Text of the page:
If you have multiple sources of debt, it can start to feel like no amount of monthly payments is enough to pull yourself up and out of it. There’s a reason people refer to debt as a slippery slope: Getting out of it, especially once you have multiple debts accruing interest all at once, is a complicated process.

The good news is, there are multiple ways to pay off debt. Here, we explore one in particular —  the debt snowball method — and how to tell if it’s right for you.

What Is a Debt Snowball?

The debt snowball method is a payment strategy that prioritizes paying your smallest debts first. Many people are tempted to apply any “extra” funds they’ve saved in a month toward the debt with the highest interest rate or to divide it equally across different accounts, which can make the snowball method seem counterintuitive. However, this strategy is surprisingly effective for gaining momentum to pay off multiple accounts.

We’ve broken down the method step by step below. Once you’re ready, download our printable debt snowball worksheet and get started! If you want a version you can edit, download the debt snowball spreadsheet instead. It contains some example figures to give you an idea of what to include.


The debt snowball method is very simple:

  1. Excluding your mortgage (if you have one), list your debts from smallest balance to largest balance.
  2. Each month, make only your minimum monthly payments on each debt except the account with the smallest balance.
  3. Pay as much as you’re able toward your smallest debt.
  4. Repeat each month until your smallest debt is paid off.
  5. Once your smallest debt is paid off, repeat the process by continuing to pay the minimum payment on every account except the one with the smallest balance until all of your debt is paid off.

Why a Debt Snowball?

The debt snowball works so well because it methodically frees up the minimum monthly payments on each account that you pay off one at a time, allowing you to add that amount to the extra funds you apply to your next month’s payment.

For example, say you usually have about $200 left to put toward your debt at the end of the month after you’ve paid your rent, bills, and made all of your minimum monthly payments. If you pay the full $200 above the minimum payment on your smallest debt each month, once that debt is paid off, you’ll have $200 to put toward your next smallest balance — plus the amount of the minimum payment you used to make on your now-repaid account.

As you pay off each new account, you can add or “snowball” the paid-off debt’s minimum payment amount to your next smallest balance until you’re completely out of the red.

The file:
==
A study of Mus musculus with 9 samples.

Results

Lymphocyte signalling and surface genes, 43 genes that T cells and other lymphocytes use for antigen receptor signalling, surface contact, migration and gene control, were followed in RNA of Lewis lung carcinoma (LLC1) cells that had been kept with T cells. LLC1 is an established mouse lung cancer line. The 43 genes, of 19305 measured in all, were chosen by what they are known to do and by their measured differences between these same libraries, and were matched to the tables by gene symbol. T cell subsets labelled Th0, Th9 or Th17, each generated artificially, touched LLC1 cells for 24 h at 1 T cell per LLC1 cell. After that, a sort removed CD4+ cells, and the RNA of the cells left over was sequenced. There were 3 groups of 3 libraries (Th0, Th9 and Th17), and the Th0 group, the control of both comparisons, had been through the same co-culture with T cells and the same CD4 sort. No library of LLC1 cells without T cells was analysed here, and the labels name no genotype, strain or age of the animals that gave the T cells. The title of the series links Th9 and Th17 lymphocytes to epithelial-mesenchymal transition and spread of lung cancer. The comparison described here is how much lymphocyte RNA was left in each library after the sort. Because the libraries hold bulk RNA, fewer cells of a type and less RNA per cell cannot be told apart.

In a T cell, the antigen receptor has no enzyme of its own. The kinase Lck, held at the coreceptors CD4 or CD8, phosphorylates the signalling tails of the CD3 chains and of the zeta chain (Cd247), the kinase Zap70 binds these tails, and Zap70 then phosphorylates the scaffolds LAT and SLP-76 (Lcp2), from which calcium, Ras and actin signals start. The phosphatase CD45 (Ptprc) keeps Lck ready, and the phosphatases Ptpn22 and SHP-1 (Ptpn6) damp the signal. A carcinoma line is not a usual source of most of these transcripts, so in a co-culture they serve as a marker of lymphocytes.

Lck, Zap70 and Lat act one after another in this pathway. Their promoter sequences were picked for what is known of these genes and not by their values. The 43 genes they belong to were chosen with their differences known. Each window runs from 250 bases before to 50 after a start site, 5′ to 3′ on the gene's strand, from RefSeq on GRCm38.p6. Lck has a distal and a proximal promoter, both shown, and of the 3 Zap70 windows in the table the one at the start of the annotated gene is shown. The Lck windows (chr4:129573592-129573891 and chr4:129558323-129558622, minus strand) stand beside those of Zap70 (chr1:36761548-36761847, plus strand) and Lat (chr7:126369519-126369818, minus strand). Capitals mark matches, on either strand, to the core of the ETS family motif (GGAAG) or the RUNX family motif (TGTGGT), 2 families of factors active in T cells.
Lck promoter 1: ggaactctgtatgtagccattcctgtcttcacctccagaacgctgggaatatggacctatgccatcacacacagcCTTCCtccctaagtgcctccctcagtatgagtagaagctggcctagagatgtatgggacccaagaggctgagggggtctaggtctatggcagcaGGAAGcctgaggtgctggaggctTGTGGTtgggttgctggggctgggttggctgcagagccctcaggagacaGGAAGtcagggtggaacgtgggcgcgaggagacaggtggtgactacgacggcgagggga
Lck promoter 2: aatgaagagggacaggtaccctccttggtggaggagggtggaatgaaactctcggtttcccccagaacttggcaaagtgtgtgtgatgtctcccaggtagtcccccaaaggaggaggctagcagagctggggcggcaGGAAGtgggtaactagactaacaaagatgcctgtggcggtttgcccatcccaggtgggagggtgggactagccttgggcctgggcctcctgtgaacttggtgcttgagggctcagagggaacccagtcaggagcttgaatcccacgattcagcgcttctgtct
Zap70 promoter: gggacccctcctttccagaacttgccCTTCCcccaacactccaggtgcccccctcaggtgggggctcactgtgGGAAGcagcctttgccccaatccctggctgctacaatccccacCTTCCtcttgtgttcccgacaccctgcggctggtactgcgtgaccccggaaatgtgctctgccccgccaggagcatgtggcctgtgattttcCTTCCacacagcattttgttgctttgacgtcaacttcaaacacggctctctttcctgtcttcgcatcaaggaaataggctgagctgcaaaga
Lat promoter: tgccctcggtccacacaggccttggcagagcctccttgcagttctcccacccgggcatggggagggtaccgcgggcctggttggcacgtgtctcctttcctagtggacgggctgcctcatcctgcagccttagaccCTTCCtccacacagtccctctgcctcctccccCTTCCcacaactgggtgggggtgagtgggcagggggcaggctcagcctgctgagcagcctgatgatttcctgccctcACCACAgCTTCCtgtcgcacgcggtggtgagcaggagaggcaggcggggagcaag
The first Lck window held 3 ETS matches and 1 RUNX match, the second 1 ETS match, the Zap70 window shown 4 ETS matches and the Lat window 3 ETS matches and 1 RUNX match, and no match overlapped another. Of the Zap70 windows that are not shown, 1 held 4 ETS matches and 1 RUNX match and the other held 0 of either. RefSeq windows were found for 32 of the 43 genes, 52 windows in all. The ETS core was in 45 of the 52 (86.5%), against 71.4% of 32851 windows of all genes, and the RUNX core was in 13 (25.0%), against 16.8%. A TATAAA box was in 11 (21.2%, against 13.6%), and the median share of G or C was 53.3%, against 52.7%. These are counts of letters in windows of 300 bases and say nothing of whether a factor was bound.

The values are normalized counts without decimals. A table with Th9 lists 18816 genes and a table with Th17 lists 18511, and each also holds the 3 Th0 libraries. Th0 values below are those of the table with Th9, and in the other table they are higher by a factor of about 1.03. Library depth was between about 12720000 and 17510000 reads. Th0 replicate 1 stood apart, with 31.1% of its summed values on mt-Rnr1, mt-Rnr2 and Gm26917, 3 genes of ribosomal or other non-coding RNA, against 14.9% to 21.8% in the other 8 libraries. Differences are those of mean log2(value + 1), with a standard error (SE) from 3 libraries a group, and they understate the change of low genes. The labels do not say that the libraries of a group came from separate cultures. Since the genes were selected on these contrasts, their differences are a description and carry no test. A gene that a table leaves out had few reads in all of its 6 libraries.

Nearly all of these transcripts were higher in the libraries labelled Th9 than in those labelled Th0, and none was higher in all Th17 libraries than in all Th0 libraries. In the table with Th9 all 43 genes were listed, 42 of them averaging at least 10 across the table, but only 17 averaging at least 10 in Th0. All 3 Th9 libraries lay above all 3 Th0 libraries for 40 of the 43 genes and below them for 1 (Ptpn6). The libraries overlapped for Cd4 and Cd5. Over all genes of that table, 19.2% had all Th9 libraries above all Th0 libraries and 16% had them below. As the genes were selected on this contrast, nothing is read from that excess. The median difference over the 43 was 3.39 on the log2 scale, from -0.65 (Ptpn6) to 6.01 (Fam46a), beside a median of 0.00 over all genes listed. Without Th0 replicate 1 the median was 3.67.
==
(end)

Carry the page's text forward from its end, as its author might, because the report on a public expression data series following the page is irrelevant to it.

Many will point out that, by ignoring the interest rates of your debts and starting with the lowest balance regardless of APR, you’ll wind up paying more in the end because your larger-interest debts will be some of the last to be paid off.

The argument for the debt snowball is that it enables you to build momentum more quickly, increasing the likelihood of faster success by keeping your motivation high. Starting with a larger debt means you won’t get the experience of closing out a debt until much later. This can leave you feeling dejected and less motivated to scrimp, save, and apply every free cent to paying off your debt.

Debt Snowball vs. Debt Avalanche

If you feel confident in your ability to stay committed to the debt payoff process, you may be able to save more by flipping the debt snowball method on its head and aiming for a “debt avalanche” instead.

The debt avalanche method works the same way the debt snowball method does except when it comes to the order in which you pay off your debts. Whereas the debt snowball method has you order your debts from smallest to largest by balance, the debt avalanche has you order your debts from smallest to largest by interest rate.

By choosing the debt avalanche method, you may be able to shave off a few hundred dollars in interest from your overall payment amounts.


No matter which debt payoff method you choose, the key is to have a plan and then stick to it, putting every extra dollar and cent you can find toward your debt payoff plan. Once you’ve decided which debt strategy is for you, you can take on a side hustle or find easy ways to save, adding every extra bit of income you find.

Your debt might feel unmanageable now, but you’ll be surprised at how quickly the debt snowball piles up!

Amanda is a writer and content strategist who built her career writing on campaigns for brands like Nature Valley, Disney, and the NFL. She now specializes in personal finance and wealth management content, covering everything from retirement strategies to estate planning to credit card bonuses and beyond. When she's not knee-deep in trends research, you'll likely find her hiking with her dog or with her nose in a good book.